RINGGOLD, Ga. -- Catoosa County firefighters got a look at the future Tuesday and it appeared grainy and an eerie black and white.
County officials and a crew of firefighters tested thermal imaging cameras, which help emergency workers see through smoke by reading and displaying heat signatures coming from items.
The camera's sensor may show the empty part of a room as black, but will pick up on body heat or fires, helping crews rescue victims and avoid hidden blazes.
Emergency officials said they'd like to see the cameras someday become part of the regular gear for firefighters.
"It's a good tool for the bad times," said Jeff Whidby, of Georgia Fire and Rescue Supply, during his sales pitch.
The cameras have been used in search-and-rescue operations, locating fires in walls or attics, sizing up a fire from outside the building and looking to see if fuel tanks are full or empty, Mr. Whidby explained.
Firefighters tried out the cameras by starting a fire in the bedroom of a house that soon will be torn down at the Catoosa Commerce Center on Georgia Highway 151. Once the thick smoke from burning hay filled the room, they tested the camera's abilities, using it to peer through the smoke and find each other.
Fire Chief Chuck Nichols said the county hopes to buy a few of the lower-end models, which cost about $4,500 each. Even though they don't have as many features as the high-end cameras, the county can buy more of them, he said.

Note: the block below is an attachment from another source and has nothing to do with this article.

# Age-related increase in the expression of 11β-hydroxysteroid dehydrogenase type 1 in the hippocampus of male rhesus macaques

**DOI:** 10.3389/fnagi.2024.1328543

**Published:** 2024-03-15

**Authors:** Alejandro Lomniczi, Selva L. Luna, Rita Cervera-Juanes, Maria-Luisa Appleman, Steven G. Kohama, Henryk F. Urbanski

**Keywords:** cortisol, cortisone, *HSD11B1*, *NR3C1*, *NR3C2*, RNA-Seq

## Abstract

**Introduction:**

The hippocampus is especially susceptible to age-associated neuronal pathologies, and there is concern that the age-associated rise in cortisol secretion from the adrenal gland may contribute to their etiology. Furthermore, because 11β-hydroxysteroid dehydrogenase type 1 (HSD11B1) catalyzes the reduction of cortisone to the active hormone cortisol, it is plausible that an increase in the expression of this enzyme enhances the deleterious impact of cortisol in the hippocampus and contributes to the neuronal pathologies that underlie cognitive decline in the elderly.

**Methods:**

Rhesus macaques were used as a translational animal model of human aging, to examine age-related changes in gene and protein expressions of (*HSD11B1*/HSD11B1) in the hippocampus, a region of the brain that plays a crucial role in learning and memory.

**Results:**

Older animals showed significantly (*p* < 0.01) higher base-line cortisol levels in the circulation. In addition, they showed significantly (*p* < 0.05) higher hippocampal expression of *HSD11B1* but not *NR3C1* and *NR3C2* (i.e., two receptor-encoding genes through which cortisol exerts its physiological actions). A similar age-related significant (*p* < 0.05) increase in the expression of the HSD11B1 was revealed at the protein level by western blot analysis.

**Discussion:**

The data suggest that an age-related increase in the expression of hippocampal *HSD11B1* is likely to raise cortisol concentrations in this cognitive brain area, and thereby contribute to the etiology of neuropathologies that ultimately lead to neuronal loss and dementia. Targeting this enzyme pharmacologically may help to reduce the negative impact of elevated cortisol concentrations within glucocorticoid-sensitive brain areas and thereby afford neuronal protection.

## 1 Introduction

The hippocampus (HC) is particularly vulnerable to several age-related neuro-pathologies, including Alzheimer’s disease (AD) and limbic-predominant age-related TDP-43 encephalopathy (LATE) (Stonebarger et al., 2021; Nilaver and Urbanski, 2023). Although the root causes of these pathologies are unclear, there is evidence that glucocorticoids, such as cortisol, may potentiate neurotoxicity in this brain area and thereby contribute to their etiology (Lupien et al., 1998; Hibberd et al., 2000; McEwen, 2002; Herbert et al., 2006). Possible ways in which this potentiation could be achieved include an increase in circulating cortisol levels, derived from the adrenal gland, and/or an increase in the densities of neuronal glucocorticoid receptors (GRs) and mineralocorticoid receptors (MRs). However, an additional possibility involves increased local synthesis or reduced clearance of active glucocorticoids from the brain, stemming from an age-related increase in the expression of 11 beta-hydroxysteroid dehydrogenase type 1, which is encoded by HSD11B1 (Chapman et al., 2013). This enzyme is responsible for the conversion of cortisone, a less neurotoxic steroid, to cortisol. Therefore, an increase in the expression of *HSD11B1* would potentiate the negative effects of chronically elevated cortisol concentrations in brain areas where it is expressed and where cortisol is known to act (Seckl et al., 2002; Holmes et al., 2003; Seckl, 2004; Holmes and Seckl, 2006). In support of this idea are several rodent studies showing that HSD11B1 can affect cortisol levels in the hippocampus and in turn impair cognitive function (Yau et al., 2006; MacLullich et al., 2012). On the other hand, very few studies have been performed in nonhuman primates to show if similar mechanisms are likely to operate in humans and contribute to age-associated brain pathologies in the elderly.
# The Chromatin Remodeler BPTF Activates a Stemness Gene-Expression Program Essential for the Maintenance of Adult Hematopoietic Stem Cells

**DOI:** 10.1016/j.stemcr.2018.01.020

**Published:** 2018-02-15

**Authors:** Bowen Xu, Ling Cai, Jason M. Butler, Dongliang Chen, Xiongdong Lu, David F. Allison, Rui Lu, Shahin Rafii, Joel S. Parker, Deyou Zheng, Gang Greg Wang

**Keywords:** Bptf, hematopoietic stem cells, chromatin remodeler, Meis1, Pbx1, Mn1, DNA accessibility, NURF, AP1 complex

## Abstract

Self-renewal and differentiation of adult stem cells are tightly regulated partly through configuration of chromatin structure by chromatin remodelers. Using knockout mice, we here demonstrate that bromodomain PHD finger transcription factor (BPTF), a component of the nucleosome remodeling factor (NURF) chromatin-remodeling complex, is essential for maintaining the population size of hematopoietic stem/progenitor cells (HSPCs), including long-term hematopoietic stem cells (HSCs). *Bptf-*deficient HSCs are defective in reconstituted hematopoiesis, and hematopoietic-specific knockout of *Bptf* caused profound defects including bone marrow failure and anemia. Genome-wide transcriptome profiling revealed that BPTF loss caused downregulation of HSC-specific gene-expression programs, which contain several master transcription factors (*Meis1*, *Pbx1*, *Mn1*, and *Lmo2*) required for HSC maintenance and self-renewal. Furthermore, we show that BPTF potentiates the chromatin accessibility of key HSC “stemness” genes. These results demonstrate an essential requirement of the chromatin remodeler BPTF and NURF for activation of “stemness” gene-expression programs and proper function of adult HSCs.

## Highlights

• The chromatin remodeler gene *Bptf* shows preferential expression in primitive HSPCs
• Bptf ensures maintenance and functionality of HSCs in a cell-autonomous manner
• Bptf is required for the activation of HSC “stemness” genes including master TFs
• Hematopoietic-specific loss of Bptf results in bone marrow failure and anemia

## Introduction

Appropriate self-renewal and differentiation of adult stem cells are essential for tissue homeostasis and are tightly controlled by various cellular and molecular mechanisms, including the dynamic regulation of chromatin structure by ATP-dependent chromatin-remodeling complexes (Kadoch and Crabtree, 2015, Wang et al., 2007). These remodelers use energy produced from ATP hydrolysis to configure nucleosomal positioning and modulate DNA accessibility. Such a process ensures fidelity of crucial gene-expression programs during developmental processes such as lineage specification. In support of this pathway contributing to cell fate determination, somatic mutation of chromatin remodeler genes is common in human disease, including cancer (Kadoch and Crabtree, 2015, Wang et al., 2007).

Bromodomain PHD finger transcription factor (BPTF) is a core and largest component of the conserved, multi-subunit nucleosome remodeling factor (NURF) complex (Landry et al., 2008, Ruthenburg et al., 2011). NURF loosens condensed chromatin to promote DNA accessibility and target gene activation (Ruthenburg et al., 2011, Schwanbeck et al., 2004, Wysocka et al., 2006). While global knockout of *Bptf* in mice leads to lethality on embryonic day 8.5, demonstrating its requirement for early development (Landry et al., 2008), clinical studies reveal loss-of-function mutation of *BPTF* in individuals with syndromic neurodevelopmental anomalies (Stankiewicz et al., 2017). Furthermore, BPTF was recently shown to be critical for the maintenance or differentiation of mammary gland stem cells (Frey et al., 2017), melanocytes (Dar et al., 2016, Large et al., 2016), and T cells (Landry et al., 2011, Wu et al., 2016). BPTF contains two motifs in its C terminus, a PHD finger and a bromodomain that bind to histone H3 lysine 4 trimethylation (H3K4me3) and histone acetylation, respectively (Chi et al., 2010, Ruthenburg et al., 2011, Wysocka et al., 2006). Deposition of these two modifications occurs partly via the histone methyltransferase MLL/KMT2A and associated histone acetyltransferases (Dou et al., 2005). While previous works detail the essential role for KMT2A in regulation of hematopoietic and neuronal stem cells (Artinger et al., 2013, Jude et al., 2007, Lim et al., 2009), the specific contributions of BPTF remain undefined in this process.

The department already has three thermal imaging cameras and County Manager Mike Helton said any additional units would be paid from the fire department's section of the Special Local Option Sales Tax.
"We're trying to put more cameras in more firefighters' hands," he said.
Mr. Whidby also described the camera's possible uses for law enforcement. A few weeks ago, sheriff's deputies found a man running from police after dark by scanning the area he was last seen. The space around the man showed up black while his body heat glared bright white as he hid.
Two representatives from the Catoosa County Sheriff's Office also were on hand for the Tuesday's demonstration.
"I can see where it would be helpful, especially outdoors," said Capt. Scott Jordan.
Chief Nichols agreed.
"It's certainly a tactical advantage or else we wouldn't be looking at it," he said.